Staying informed behind the wheel: mobile tools for freight transport

Image | begemot_dn 

With the rise of technology applied to mobility, citizens’ habits and customs have changed. In the retail sector, for example, the business model has had to adapt to consumers who are able to shop 24/7. Internet and mobile applications have made it increasingly commonplace for users, instead of actually visiting stores, to receive their purchases at home. And a direct consequence of this behaviour is an inevitable increase in the activity of transport workers, those responsible for providing this service.

21st-century transport workers have available to them many smart tools to make their jobs easier and free of delays. Among them there are many applications developed to cover their most immediate needs: to effectively compile all their records, plan the best routes, and know the best places to refuel at all times.

On the road

On their trips on roads and highways, moving goods from one country to another, carriers have at their disposal several applications that can be of use. Big Road Free Truck Driver Log Book, for example, is an app that replaces those cumbersome sheets of paper with a digital journal in which drivers can update their log books. It is easy to use, saves time, registers hours of service, and, in addition, automatically sends log entries to the company. Using the data from all their drivers’ logs, transport companies can draw valuable conclusions serving to optimise their businesses.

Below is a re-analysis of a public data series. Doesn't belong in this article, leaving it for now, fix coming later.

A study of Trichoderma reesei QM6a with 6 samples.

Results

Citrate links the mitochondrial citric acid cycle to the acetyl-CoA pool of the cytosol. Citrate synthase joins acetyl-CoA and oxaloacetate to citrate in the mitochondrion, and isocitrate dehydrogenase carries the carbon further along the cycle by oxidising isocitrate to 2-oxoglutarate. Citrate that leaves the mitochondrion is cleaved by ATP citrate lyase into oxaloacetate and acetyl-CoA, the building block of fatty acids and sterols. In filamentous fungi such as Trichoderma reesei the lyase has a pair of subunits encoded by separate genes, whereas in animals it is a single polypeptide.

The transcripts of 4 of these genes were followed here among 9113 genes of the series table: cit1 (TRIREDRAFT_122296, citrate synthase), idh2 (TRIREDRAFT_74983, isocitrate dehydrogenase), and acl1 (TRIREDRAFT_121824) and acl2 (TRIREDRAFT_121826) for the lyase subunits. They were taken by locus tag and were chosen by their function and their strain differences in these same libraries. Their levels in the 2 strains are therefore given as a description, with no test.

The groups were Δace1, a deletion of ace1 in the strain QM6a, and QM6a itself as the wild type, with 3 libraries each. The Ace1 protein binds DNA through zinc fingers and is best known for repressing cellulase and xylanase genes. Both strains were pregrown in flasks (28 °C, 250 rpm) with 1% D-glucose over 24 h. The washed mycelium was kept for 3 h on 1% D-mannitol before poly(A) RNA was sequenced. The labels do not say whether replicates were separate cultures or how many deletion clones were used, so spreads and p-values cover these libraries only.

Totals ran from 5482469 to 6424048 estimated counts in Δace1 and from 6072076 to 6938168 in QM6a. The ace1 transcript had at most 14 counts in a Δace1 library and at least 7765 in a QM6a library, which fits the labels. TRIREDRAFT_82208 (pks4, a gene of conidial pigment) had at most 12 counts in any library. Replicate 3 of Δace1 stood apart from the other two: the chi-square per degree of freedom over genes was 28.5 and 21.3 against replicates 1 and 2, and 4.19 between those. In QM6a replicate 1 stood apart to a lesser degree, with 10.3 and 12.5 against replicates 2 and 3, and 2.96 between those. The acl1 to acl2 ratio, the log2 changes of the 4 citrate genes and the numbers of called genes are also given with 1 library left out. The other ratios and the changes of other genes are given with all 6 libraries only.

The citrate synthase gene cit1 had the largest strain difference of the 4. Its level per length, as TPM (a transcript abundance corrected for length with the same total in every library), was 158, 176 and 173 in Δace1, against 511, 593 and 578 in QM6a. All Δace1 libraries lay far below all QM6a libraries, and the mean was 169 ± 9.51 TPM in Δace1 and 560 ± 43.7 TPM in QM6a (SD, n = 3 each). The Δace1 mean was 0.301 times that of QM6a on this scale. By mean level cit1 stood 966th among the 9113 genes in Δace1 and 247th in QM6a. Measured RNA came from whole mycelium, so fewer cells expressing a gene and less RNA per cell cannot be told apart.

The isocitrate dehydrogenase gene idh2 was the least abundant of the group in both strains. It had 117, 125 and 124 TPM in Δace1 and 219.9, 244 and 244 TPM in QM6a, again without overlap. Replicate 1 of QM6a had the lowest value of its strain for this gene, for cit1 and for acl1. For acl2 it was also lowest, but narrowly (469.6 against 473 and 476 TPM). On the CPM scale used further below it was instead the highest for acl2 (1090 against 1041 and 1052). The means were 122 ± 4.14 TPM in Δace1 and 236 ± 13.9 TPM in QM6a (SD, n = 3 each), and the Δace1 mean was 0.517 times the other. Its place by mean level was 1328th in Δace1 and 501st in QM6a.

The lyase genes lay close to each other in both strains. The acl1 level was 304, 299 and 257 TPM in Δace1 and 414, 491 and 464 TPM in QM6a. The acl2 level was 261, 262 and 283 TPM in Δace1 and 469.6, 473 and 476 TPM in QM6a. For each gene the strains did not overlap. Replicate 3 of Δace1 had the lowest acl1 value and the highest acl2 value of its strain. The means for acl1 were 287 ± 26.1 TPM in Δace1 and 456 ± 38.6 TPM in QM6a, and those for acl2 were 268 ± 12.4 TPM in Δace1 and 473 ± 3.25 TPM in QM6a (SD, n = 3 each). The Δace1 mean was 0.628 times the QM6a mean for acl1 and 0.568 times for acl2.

Petrol refuelling is an aspect of great importance for carriers. In this area, apps like Fuel Daw and Fuelio allow an exhaustive tracking of everything related to the subject: how many times one refuels, amount consumed, money spent, etc.

Finally, on their trips transport workers also appreciate any tool that provides them with information on their current locations. Here an important role can be played by applications like,  Truck Stops and Travel Plazas, currently available for the U.S.A., which offers information on every stop specially equipped for freight transport, and Around Me, which, via GPS, shows drivers all the services of interest near their locations. 

In the city

Driving a truck or van inside a city can be maddening, especially during rush hour. This is why public bodies are enacting policies that help to channel all traffic in a more effective way.

In Barcelona, for example, there are 45,000 loading and unloading operations daily, affecting the 9,000 spaces designated for this purpose in the city. Until now the system to control parking in the Urban Freight Distribution area (known in Spanish as DUM) consisted of an analogical method: a cardboard wheel that measured the 30 minutes of authorised parking. The authorities, however, realised that there was much abuse of these spaces, which were used by standard vehicles, vehicles without the time wheel, and vehicles with the disc that were loading or unloading longer than the time permitted.


In order to come up with a solution to this problem the City of Barcelona has created an app, currently in the trial phase, to improve the management of loading and unloading zones. The drivers of trucks, vans and 2-seat transport vehicles are to download the ÁreaDUM application and register in order to use it. As of 1 July 2015 this is expected to replace the traditional time wheel, and carriers who do not have a smartphone may use the service via SMS.

This smart solution implemented in Barcelona will also furnish the city government with more information on the utilisation of loading and unloading spaces, in this way verifying which are taken, underused, or overused, so as to improve the parking places made available. In the future the same app is also expected to provide information on the availability of spaces in such a way as to spare carriers and delivery drivers from having to drive around, in this way improving traffic circulation.

Mobile technology is responding to meet the needs of new users and consumers. And, little by little, society is also adapting to it.